On Oct. 6, 2023, United Launch Alliance (ULA) successfully delivered into orbit two prototype satellites for Amazon’s Kuiper constellation.
The launch took place from Space Launch Complex-41 at Cape Canaveral Space Force Station, Florida, and the launch vehicle was an Atlas V rocket in the 501 configuration (a configuration that uses a 5-meter fairing, no side-solid rocket boosters, and one engine on the Upper Stage).
Atlas V is capable of carrying up to 8123 kg to low Earth orbit (LEO) and up to 3,775 kg to Geostationary Transfer Orbit (GTO). There have been 7 previous launches of the Atlas V 501 variant to date.
This flight, named “Protoflight“, is a mission to verify the satellite designs, to allow Amazon to test its technology in space before beginning full-scale production next year, and to give the companies practical experience working together.
In addition, this launch is the first mission in partnership between ULA and Amazon to help deploy Project Kuiper’s low Earth orbit (LEO) satellite constellation.
About Project Kuiper
Project Kuiper is a low Earth orbit (LEO) satellite constellation that will provide fast, affordable broadband to communities around the world that are currently underserved by traditional internet and communications options.
Amazon began research and development on Project Kuiper in 2018. In July 2020, the U.S. Federal Communications Commission (FCC) granted Amazon a license to deploy and operate Project Kuiper satellites. If this test is successful, other 3236 satellites will be launched, with more than 70 missions planned to be performed by different launch companies.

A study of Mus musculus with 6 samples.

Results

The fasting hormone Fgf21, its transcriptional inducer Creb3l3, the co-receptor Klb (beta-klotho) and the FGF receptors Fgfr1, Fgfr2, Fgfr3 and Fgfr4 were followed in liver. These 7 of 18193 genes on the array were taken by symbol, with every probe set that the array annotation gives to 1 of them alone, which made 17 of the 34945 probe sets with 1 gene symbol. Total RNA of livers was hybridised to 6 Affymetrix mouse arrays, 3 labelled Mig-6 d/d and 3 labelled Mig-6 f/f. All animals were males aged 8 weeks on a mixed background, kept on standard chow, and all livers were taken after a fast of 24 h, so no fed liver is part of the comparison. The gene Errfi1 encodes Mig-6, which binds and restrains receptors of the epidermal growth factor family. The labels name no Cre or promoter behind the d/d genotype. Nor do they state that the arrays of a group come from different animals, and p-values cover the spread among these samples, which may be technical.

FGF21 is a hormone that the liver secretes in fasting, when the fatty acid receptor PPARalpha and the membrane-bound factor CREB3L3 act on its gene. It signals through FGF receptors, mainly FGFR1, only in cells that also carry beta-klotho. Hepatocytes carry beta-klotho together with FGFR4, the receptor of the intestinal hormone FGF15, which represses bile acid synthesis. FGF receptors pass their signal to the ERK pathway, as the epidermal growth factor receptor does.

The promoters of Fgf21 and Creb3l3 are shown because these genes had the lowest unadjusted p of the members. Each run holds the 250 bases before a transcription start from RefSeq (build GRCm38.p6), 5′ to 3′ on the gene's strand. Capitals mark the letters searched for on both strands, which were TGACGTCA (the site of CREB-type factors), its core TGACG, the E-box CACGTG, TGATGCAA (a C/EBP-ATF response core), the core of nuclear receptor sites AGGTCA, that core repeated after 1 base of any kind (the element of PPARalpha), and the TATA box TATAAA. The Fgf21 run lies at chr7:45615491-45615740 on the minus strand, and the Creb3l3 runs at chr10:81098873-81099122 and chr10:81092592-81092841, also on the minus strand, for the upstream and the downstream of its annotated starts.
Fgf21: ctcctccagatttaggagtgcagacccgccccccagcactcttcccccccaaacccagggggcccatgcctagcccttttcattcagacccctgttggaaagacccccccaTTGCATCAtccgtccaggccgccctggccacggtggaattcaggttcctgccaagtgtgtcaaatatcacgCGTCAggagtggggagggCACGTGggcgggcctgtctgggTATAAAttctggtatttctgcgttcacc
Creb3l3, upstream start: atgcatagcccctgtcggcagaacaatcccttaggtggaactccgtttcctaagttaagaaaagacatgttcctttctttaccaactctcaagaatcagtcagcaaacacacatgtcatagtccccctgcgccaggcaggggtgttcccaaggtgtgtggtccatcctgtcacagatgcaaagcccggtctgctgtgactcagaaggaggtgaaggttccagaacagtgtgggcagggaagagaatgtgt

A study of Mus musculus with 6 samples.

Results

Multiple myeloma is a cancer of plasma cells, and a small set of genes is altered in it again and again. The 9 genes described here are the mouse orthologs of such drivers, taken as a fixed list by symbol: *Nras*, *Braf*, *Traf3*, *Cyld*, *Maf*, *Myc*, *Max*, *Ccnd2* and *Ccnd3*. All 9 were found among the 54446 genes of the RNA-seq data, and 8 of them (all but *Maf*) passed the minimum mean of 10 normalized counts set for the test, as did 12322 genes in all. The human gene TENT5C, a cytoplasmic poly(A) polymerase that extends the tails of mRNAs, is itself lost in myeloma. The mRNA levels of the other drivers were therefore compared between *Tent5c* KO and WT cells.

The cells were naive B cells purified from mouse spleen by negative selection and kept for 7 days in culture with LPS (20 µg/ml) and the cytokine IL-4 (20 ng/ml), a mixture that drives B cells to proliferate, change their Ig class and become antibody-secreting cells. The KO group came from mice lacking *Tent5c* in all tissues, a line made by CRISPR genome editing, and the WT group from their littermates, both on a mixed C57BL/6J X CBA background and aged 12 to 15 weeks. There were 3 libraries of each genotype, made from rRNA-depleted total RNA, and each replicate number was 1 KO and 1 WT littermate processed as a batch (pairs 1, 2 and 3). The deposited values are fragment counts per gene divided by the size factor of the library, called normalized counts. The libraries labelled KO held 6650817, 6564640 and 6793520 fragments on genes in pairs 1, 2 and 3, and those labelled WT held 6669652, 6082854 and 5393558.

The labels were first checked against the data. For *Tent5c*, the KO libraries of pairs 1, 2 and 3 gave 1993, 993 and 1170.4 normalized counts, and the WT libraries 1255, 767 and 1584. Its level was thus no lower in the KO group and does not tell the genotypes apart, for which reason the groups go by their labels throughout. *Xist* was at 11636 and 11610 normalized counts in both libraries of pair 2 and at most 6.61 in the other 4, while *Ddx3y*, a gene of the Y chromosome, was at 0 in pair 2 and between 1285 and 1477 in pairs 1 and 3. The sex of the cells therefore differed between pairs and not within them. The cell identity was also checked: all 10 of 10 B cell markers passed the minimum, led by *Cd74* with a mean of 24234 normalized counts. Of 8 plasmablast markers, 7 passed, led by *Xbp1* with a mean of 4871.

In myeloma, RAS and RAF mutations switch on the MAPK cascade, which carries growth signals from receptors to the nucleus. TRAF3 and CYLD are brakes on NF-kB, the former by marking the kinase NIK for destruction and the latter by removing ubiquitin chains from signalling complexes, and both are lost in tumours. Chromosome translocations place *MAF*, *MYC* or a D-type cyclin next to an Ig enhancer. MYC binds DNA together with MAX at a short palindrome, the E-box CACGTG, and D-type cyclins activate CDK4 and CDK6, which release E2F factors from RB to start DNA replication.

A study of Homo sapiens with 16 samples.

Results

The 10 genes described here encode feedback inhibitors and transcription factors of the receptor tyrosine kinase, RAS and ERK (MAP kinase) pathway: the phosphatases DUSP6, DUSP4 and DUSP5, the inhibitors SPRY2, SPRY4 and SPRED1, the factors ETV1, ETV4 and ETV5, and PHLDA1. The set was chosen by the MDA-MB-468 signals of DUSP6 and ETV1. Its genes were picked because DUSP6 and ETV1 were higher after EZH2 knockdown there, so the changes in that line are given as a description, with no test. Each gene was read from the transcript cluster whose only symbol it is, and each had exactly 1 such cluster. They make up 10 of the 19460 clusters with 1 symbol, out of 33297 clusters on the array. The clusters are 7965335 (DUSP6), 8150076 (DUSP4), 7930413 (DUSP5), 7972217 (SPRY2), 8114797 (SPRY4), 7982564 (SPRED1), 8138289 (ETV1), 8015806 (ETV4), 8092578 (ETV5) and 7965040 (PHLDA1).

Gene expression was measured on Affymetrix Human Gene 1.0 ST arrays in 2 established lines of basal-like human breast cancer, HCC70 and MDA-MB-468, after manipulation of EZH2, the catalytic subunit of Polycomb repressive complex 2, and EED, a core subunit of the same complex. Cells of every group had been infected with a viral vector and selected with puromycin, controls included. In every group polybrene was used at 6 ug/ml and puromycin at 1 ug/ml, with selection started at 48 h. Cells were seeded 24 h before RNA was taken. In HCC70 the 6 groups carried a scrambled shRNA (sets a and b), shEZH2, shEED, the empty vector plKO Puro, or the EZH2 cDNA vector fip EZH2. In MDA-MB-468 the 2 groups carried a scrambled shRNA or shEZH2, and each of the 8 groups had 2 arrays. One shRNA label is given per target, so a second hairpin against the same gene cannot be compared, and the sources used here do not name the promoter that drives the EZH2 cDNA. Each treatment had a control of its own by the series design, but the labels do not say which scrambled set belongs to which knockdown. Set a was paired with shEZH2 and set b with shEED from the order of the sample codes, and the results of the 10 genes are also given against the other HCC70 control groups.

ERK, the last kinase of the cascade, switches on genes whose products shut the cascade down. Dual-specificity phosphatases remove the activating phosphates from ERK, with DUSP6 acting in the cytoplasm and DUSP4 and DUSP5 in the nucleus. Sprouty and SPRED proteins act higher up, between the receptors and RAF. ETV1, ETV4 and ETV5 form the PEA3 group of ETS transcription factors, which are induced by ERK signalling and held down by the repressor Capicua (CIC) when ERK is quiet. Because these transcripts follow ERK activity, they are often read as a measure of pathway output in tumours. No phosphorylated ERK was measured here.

Amazon already booked nine launches of the Atlas V rocket, 38 launches of Vulcan Centaur, and 18 Arianespace’s Ariane 6 launches to deploy its satellites. Additionally, another twelve launches (with options for 15 more launches) are scheduled with Blue Origin’s New Glenn rocket, currently under development.
The constellation takes its name from the Kuiper Belt: it’s a large donut-shaped region in the cold, outer reaches of our solar system beyond the orbit of Neptune. Astronomers think there are millions of small, icy objects in this region – including hundreds of thousands larger than 100 kilometers wide. Some of the objects, including Pluto, are over 1000 kilometers wide.
Importantly, the region is named after Dutch astronomer Gerard Kuiper, who is considered by many to be the father of modern planetary science, and published a scientific paper in 1951 that speculated about objects beyond Pluto.
A Secret Launch
Neither Amazon nor ULA have revealed details about this mission; it’s known that Atlas V placed Kuipersat-1 and Kuipersat-2 in a 500 km orbit with an inclination of 30 degrees.
At this time we know that the spacecrafts were deployed approximately 18 minutes after liftoff, at which point Amazon assumed control of the satellites and started the test.
Previously, Amazon revealed that the Project has three main parts: ground infrastructure, satellites, and customer terminals.
- Ground infrastructure includes gateway antennas that securely send and receive customer data to and from satellites, and telemetry, tracking, and control antennas that keep the satellites properly operating.
- Satellites are the second part of the project and relay data traffic to and from gateway antennas and customers.
- The third part are the customer terminals that will be used to receive broadband service and will begin to be distributed in 2024.